Autoweek Logo By Mark Vaughn of Autoweek | Slide 1 of 11: The chip shortage, the pandemic, the weather, and your rheumatoid arthritis acting up—and everything is conspiring to drive up prices of used cars across America. According to a study by iSeeCars.com, the average used car price in June rose a whopping $7,583, or 32.7 percent compared to what it was last year. This comes after a 26.4-percent year-over-year increase in May and a 16.8-percent year-over-year increase in April. The Nissan Leaf had the highest percentage increase at 48.1, while the Mercedes G-Wagon had the highest dollar increase at $50,271. It’s crazy! “This is an update of a study we ran in April, when the year-over-year price increase was 16.8 percent,” said iSeeCars analyst Karl Brauer. “There were cars that had only minor price increases, or that didn’t increase at all. However, in June, even the smallest price increases are still significant and prove that buyers looking for used cars should wait if they have the option to do so. However, for buyers that don’t have the option of waiting, there are some models that weren’t as drastically impacted by price hikes.” It’s just that those models not impacted by price hikes are not on this list. This list is for those cars most impacted. And almost all cars got a price increase due to demand. So now is the time to sell, sell, sell anything you have parked in the garage, the driveway or under a tree in the backyard. Drag it to the curb, put a “For Sale” sign on it, and rake in the dinero. Sports cars and pickup trucks—the cars people are more likely to want to buy—had the highest price increases, making them the best to sell. Small SUVs, hatchbacks and minivans—the vehicles people are more likely to have to buy—only saw minor price bumps. Here are the 10 biggest increases by model year-over-year as of June 2021.

The chip shortage, the pandemic, the weather, and your rheumatoid arthritis acting up—and everything is conspiring to drive up prices of used cars across America. According to a study by iSeeCars.com, the average used car price in June rose a whopping $7,583, or 32.7 percent compared to what it was last year. This comes after a 26.4-percent year-over-year increase in May and a 16.8-percent year-over-year increase in April. The Nissan Leaf had the highest percentage increase at 48.1, while the Mercedes G-Wagon had the highest dollar increase at $50,271.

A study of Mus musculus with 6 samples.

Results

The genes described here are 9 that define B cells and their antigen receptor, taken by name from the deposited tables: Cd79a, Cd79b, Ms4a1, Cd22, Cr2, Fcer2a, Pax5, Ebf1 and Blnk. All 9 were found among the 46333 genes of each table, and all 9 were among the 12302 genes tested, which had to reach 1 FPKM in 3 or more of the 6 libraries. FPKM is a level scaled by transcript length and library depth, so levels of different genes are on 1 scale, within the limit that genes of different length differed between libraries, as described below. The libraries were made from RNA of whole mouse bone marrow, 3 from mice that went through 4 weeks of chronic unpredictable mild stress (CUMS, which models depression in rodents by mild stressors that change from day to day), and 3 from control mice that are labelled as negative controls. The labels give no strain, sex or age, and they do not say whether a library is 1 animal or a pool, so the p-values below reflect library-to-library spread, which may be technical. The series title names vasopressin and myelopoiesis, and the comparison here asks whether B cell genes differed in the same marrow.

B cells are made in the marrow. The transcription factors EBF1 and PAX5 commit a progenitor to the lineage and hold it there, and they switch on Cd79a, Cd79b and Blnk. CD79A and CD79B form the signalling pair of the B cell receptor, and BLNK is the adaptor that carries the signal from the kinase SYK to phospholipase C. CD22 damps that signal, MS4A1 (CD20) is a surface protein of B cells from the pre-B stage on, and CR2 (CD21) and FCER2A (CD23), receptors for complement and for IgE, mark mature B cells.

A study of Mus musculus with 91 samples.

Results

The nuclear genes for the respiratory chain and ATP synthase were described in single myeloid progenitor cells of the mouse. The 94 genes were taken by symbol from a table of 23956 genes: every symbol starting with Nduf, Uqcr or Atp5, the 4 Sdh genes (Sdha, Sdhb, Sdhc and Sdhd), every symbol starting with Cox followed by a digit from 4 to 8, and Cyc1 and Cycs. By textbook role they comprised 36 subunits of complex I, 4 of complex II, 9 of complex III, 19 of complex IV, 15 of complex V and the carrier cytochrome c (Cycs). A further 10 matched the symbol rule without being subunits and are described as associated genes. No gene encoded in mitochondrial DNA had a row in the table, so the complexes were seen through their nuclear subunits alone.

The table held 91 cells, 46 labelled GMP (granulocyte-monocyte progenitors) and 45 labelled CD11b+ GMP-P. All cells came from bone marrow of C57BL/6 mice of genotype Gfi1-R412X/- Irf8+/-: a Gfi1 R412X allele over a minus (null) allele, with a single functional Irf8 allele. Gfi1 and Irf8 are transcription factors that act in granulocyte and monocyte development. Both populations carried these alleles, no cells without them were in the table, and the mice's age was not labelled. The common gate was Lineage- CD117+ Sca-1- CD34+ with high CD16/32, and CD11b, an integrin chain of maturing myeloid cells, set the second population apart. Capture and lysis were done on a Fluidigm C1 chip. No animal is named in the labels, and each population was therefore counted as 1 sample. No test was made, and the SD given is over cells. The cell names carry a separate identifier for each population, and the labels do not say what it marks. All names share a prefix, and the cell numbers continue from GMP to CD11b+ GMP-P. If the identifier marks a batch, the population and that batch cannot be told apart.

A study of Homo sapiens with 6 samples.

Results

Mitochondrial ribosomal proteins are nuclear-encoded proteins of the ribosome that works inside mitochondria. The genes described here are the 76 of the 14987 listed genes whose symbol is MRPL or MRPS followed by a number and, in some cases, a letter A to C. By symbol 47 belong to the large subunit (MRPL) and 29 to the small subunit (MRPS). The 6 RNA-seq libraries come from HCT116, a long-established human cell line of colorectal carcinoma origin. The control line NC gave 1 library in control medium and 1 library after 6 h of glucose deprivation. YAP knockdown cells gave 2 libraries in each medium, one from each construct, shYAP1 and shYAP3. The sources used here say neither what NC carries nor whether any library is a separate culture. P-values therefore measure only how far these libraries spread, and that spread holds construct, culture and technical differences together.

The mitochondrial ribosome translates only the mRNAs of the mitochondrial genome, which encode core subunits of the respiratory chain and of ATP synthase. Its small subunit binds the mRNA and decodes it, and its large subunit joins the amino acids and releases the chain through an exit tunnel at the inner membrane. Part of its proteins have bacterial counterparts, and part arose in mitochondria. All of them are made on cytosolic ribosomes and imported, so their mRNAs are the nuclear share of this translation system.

It’s crazy!

“This is an update of a study we ran in April, when the year-over-year price increase was 16.8 percent,” said iSeeCars analyst Karl Brauer. “There were cars that had only minor price increases, or that didn’t increase at all. However, in June, even the smallest price increases are still significant and prove that buyers looking for used cars should wait if they have the option to do so. However, for buyers that don’t have the option of waiting, there are some models that weren’t as drastically impacted by price hikes.”

It’s just that those models not impacted by price hikes are not on this list. This list is for those cars most impacted. And almost all cars got a price increase due to demand.

So now is the time to sell, sell, sell anything you have parked in the garage, the driveway or under a tree in the backyard. Drag it to the curb, put a “For Sale” sign on it, and rake in the dinero.

Sports cars and pickup trucks—the cars people are more likely to want to buy—had the highest price increases, making them the best to sell. Small SUVs, hatchbacks and minivans—the vehicles people are more likely to have to buy—only saw minor price bumps.

Here are the 10 biggest increases by model year-over-year as of June 2021.